Clients are waiting for one level of care when they could join existing treatment groups at any level.
Blend other levels of care with outpatient treatment so that clients can develop therapeutic relationships and familiarity with outpatient clients, therapists, and locations before moving to outpatient care.
STEPS at Liberty Center, in Wooster, Ohio attained 100 percent continuation rates from residential to outpatient treatment by making transitions seamless, blending outpatient, intensive outpatient, residential, and even pre-release jail clients, in various specialized therapy groups. This also eliminated unnecessary repetition of material. They individualized treatment for clients by having counselors ask clients which area they wanted to address first so that clients could choose and attend groups based on topics of interest, rather than level of care. When clients moved to another level of care they already had therapeutic relationships and familiarity with other clients, therapists, and the location. This change also reduced no-show rates 29 percent, expanded capacity significantly without increasing staff—and the staff loved the changes.
Prairie Ridge Addiction Treatment Services in Mason City, Iowa increased attendance in the outpatient program by 13 percent by having clients continue with the same counselor and the same peer group instead of just overlapping care with the outpatient counselor prior to leaving residential treatment. They offered residential clients a “menu” of groups that were facilitated by outpatient counselors and included outpatient clients at the outset of treatment. For groups offered across levels of care, see the Prairie Ridge Catalog of Groups. For more information, seethe Prairie Ridge transitions case study.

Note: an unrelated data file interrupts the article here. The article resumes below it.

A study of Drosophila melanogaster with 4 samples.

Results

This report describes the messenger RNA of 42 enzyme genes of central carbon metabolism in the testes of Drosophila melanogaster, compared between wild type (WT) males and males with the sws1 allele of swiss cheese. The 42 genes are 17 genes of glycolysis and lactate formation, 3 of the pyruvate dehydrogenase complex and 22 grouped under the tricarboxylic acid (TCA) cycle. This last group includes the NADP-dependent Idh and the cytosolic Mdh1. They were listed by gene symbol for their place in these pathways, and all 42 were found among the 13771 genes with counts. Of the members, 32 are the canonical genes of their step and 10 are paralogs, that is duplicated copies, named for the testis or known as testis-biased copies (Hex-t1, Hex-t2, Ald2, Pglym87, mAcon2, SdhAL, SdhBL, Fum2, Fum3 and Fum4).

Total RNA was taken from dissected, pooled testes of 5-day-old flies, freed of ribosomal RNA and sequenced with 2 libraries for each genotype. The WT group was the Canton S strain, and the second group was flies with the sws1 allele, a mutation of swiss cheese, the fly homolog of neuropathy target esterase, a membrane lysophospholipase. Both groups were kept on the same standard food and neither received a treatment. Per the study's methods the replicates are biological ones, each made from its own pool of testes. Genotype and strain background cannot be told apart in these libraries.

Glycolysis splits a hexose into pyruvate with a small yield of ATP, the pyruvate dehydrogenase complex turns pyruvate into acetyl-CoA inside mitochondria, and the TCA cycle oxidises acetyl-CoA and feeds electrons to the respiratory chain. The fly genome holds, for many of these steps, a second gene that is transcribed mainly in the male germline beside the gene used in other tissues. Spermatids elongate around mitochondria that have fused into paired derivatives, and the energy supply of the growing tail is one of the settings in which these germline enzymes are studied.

Preferred Family Healthcare in Jefferson City, Missouri assigned clients to the same counselor as they moved through all levels of care, including detox, residential treatment, and outpatient care.
Percentage of referred clients who were admitted
Data Collection Form
If this change was not an improvement and you cannot make it work, abandon this practice and test other promising practices that might be more successful in your setting.